Solar and wind technologies

Solar and wind power are playing a growing part in meeting global energy demand. At Shell, we expect an emerging low-carbon energy system to include traditional fuels such as oil and natural gas alongside renewable energy and carbon capture and storage.

Shell has been involved in wind power for more than a decade. We have interests in eight operational wind power projects in North America and one in Europe. Our share of the energy capacity from these projects is about 500 megawatts. When designing the European wind farm, we used our experience with oil and gas platforms to ensure it could withstand the harsh North Sea conditions. has invested in 2-B Energy, a renewable energy company, to support its two-blade turbine wind technology and reduce the cost of offshore wind power. (See Research and development).

We are also exploring the possibilities offered by solar power. Petroleum Development Oman (PDO, Shell interest 34%) uses technology developed by GlassPoint Solar – a company in which Shell has invested – to reduce energy consumption within its operations. GlassPoint uses solar power to generate steam which is, in turn, injected into wells to enhance the recovery of oil.

PDO and GlassPoint are constructing a solar thermal steam plant in Oman, called Project Miraah. Once completed in 2020, Miraah will be the world’s largest solar thermal steam plant, providing about a third of the Amal oilfield’s steam requirements. It will potentially be capable of producing up to 1 gigawatt of power. This solar technology will replace gas-fired steam generation and free the gas for other uses, to reduce the intensity of the oil production. We are looking at further opportunities to deploy both steam and power using photovoltaic systems on an industrial scale at oilfields in the Middle East and California.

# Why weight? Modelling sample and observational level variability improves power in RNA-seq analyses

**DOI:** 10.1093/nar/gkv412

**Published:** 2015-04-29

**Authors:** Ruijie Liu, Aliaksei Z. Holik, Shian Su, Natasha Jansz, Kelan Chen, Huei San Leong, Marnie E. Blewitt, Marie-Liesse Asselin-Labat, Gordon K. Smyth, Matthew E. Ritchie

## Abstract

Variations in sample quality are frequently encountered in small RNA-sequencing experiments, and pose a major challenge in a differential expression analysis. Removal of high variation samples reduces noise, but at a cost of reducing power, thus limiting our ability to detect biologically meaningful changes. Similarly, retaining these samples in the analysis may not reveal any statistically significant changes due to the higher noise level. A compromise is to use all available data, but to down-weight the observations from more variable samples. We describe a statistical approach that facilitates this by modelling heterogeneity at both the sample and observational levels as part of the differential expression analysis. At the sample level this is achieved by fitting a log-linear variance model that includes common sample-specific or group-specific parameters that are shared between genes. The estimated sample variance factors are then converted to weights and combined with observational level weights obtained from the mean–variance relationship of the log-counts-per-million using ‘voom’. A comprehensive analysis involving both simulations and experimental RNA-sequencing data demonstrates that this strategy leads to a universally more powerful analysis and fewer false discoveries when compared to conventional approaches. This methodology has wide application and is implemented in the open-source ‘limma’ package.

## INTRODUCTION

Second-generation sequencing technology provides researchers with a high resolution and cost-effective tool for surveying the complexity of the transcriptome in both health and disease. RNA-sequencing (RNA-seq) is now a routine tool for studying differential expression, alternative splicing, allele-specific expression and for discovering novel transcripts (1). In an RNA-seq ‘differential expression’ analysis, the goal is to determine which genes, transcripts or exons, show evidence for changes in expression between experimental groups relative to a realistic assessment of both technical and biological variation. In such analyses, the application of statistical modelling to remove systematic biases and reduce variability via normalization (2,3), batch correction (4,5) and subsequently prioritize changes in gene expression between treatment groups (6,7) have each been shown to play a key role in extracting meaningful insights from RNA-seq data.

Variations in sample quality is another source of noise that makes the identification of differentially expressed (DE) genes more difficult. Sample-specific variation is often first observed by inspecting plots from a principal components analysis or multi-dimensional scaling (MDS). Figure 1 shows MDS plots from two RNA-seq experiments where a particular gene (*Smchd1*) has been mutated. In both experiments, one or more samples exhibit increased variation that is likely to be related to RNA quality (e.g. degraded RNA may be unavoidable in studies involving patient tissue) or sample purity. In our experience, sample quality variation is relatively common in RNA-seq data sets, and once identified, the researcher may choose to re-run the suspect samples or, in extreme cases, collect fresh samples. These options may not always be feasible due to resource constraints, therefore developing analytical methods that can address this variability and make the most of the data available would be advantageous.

We also use renewable energy in our own operations. This can result in significant cost and CO2 savings. For example, in Pakistan we installed a 100 kilowatt solar photovoltaic system at our fuel depot in Karachi, generating around 170 megawatt-hours of power each year. This helps reduce diesel consumption for back-up power generation.